Pan America 2011 - 2012
American writers like Kerouac and Miller influenced me a lot when I was in my Twenties. And I heard lots about the West Coast from American travellers, recommending great national parks and the Route 101 that is sort of famous thing to do for cyclists. So I decided to postpone other planned adventures and flew to Vancouver BC, equipped with my good old pushbike, a tent and a (warm!) sleeping bag.
After fantastic landscapes and forests down South to San Diego I teamed up with Kathrin, a great cycling mate. When we reached the Southern tip of Baja California, we decided to move on together, crossed Mexico into Guatemala and Belize. After living in a rented house on the Lake Atitlan we ventured out for snow capped mountains of South America, crossing the Andes from Santiago to Mendoza and moved up North again, to Machu Picchu. After 11 months and 11000 kilometres I arrived back in Germany, with Kathrin...
- Category: Pan America 2011 - 2012
Detour Part II from the Pacific Coastal Route. It takes me roughly half a day to get out of Seattle on small highways paralleling the Interstate 5 (which is no fun nor legal to cycle). Eatonville, a neat town, after which the road gets less and less busy. Into the wild. Endless woods along the hilly road, and beautiful lakes and dams on the way. The overcast prevents any sights of Mt. Rainier, the biggest mountain of Washington. Passing through Elbe, a small logging village with German roots, a neat historic railway and the smallest church in the United States, dating back some 100 years ago. Mt. Rainier would be visible from here if there was no overcast, says a Restaurant lady. A few more miles in a neat valley towards Morton. A local at the supermarket recommends free camping on Riffe Lake nearby Glenoma. Getting there, have a blackberry diner and a good swim at sunset. A few hang gliders and a young guy that recovered from cancer but got homeless after hang out here.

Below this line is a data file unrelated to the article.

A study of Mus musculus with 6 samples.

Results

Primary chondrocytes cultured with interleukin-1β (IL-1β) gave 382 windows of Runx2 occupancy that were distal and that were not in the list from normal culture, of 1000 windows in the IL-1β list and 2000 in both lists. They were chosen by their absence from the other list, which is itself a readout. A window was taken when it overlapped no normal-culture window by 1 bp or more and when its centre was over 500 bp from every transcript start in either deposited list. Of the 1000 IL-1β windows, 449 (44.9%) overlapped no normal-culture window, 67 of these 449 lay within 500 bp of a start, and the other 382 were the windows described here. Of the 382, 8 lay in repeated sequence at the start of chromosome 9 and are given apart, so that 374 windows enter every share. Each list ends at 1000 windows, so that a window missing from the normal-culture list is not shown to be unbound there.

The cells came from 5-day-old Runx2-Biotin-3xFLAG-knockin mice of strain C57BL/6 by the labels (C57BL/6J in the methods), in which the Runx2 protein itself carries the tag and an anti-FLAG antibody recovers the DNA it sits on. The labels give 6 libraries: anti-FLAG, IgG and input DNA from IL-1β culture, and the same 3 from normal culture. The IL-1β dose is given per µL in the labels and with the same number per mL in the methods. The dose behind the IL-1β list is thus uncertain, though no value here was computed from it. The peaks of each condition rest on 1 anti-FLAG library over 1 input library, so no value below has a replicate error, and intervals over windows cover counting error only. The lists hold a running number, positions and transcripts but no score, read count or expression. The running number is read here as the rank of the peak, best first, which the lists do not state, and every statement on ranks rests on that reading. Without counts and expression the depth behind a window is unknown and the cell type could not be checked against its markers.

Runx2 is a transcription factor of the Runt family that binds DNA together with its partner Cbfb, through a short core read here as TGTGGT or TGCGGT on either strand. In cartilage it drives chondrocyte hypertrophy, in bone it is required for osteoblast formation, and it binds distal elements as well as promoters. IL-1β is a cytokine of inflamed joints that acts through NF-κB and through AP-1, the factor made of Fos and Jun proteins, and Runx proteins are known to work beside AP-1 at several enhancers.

Perfect weather on the next day. Big breakfast in Randle - last chance of shopping for the next 100 kilometers. I take off to the pass behind Mt. St. Helens, the volcano which blew back in 1980. After the first few miles of climbing, an exiting view towards the snow caped Mt. Rainier opens up - majestic! After about 30 kilometers of climbing, I expect to reach the summit of the pass soon, and take a scenic side route towards Mt. St. Helens base camp. Just for half an hour, I convince my self. Just to see the volcano that blew. Centimeter thick light grey ash grains between the conifers and shrubs and ferns tell a story of its own. Crazy climbing up, I hide the panniers and the tent bag on the side of the road. Eventually, I reach Bear Meadow and enjoy a splendid outlook on Mt. St. Helens!
Its a few more miles than expected until I reach the summit of the pass at Milestone 35. Running out of water and out of granola bars. Still, it's an uneasy up and down for another 10 kilometers before the long downhill. The miles written in my map don't match the miles on the road signs. Finally a spring on the side of the road. 5PM - I reach the very junction and have to make a decision - go 20 miles to Cougar and probably find a shop and a campground until dusk, or go South towards Carson, another 40 miles through the next mountain range. I went on to Cougar, and skipped the opportunity to see the famous Columbia river gorge. On the next day, I cycle East to the Woodland, and then up North on the Interstate 5 along the Columbia river to Longview, speeding in the slipstream of the roaring trucks, without any small side road... More relaxed for the rest of the day until Cathlamet. Free camping and a swim in the river. In the East, the snow on Mt. St. Helens glows red in the light of a marvelous sunset. The campground hosts spoil me with potato salad and bread and home made cookies. God bless you!